Memphis (Tenn.) Daily News—April 9, 2009

Every Wednesday “the bad elbow club” meets at Hospital for Special Surgery in New York, joked Timothy Wright, Ph.D.

The comment was a rare moment of levity in a speech this week in Memphis about a very serious subject. Wright, who is also the hospital’s chair of orthopedic biomechanics, spoke at the University of Memphis’ FedEx Institute of Technology about the difficulties with total elbow replacements. The lecture is one of a series sponsored each year by the InMotion Musculoskeletal Institute.

Loss of the use of an elbow can be especially debilitating, he said, and prevent people from doing the most basic daily tasks without help.

“I think a lot of people, certainly the lay public, think that total joint replacement is remarkable, and it is in the lower extremity for hips and knees,” Wright said. “It is probably one of the most successful surgical procedures certainly of the 20th century. We get used to the numbers we hear for hips and knees, where there are hundreds of thousands of them done every year and they are ultimately all successful. And that’s true.

“Survival rates for hips and knee replacement – modern designs that are now 25 or 30 years old – have survival rates of upwards of 90 percent. Unfortunately, that’s not true for the elbow.”

Fighting time
The failure rate for total elbow replacements is much higher.

“The elbow, even at five years, a third of them have already failed,” Wright said. “If I take those numbers and I carry them out to 10 years, they get even worse. Only half of them are surviving at 10 years. So think about it. If you are 70, you have only a 50-50 chance that your elbow replacement is going to last until you are 80.”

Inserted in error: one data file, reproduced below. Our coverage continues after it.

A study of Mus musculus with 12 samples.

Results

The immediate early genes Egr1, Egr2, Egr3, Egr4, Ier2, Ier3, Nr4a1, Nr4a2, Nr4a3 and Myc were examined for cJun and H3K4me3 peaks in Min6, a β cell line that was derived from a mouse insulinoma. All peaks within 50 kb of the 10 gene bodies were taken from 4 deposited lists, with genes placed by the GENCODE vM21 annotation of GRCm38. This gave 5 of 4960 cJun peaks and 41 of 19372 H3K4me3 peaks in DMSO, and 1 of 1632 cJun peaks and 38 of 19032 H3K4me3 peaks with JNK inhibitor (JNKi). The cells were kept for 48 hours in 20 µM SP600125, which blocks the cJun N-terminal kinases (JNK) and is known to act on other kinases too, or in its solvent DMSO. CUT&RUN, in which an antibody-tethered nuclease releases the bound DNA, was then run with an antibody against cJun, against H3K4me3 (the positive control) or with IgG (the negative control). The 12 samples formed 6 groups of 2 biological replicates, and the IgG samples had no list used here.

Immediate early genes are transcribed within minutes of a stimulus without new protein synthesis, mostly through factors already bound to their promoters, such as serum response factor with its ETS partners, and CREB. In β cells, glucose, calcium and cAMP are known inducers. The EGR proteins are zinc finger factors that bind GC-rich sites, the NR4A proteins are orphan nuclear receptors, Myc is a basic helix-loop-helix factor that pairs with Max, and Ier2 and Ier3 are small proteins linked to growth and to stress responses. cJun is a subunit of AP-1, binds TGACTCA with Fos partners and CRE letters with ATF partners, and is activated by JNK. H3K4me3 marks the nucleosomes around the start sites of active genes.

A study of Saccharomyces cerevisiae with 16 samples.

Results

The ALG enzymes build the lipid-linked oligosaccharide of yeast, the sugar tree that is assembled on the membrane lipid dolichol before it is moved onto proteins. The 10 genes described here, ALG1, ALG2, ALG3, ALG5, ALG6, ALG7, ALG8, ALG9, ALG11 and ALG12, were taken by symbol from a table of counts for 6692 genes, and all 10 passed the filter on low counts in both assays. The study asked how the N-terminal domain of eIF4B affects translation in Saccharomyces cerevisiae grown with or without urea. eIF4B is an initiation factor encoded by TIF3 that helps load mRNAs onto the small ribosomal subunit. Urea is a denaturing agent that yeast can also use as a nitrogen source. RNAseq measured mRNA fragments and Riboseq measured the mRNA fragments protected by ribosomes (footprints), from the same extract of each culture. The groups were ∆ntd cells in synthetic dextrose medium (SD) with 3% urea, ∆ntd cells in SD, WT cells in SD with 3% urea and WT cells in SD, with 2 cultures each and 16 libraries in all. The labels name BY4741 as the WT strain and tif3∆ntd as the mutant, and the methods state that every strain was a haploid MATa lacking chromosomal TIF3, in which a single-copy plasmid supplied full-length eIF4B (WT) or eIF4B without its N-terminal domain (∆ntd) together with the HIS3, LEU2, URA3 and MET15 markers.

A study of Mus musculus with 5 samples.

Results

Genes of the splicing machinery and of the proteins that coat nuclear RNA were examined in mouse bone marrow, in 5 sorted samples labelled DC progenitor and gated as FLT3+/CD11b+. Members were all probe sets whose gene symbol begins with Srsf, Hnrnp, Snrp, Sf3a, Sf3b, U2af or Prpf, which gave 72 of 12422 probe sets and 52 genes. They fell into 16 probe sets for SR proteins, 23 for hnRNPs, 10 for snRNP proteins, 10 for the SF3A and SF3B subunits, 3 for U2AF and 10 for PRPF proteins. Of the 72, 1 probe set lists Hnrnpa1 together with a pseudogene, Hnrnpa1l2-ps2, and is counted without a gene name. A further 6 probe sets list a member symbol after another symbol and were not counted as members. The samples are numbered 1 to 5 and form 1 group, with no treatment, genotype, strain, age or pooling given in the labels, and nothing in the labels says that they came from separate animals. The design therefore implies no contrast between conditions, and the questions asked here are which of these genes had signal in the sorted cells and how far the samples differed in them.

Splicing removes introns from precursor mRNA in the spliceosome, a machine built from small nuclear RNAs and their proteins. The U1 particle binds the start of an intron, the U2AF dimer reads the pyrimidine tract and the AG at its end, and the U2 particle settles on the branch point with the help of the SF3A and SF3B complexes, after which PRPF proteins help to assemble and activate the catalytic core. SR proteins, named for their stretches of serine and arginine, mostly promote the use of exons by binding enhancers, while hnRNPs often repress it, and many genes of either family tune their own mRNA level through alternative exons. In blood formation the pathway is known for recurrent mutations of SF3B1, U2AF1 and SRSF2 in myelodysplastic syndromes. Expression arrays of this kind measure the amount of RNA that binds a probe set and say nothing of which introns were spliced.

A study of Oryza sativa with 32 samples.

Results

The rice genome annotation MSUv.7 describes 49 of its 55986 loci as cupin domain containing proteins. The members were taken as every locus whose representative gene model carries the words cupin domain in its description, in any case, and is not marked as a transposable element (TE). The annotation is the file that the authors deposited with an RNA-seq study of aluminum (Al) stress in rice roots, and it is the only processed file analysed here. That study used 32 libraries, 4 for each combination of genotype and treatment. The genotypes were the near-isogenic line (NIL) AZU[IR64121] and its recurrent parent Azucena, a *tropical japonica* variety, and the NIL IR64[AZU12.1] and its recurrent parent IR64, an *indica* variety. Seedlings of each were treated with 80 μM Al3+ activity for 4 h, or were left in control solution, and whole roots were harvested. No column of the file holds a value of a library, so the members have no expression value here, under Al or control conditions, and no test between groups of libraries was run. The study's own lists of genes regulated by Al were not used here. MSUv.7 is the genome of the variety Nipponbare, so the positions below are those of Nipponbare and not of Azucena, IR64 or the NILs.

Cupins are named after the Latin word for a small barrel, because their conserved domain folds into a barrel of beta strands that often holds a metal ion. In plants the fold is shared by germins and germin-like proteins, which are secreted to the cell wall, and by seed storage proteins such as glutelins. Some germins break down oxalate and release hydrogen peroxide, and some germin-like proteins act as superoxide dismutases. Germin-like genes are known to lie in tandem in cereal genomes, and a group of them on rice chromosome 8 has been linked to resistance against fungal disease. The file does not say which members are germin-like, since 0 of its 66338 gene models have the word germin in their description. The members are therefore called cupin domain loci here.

The elbow is a very complicated hinge joint that allows a wide range of movements. Besides the difficulty of mimicking these functions, designers of replacement joints also have the added challenge of inserting a flange (a type of rod) into the ulna, a small bone in the lower arm that is prone to osteolysis or dissolving.

Wright’s research focuses on friction and wear issues. The wear can cause very small particles to break loose that are about 200 times smaller than a grain of sand, Wright noted in a history he wrote of joint replacement implant materials.

“The body mounts a cellular reaction to try to deal with the wear debris, a reaction that unfortunately often leads to unwanted destruction of bone (called osteolysis) around the implant,” he wrote in the report. “When osteolysis becomes severe, it can cause pain and loosening of the implant and the need for revision surgery to replace the components. One way to relieve the ostelysis problem and thus increase the longevity of joint replacements is to improve the wear resistance of the bearing materials.”

Immobility ‘devastating’
Surgeons have had some better results with custom-made implants, he said, pointing out that one replacement has lasted as long as 24 years.

People who live with rheumatoid arthritis are among those who need total elbow replacements. Wright called for further research into improving medical devices and decreasing complications.

“These are devastating failures,” he said. “Sure if your hip or knee hurts or you lose function in the lower extremity that is devastating, but if your upper extremity still works you can go to the bathroom, you can feed yourself, you can comb your hair, you can get in and out of a car. If you don’t have the function of your elbow, you can’t.”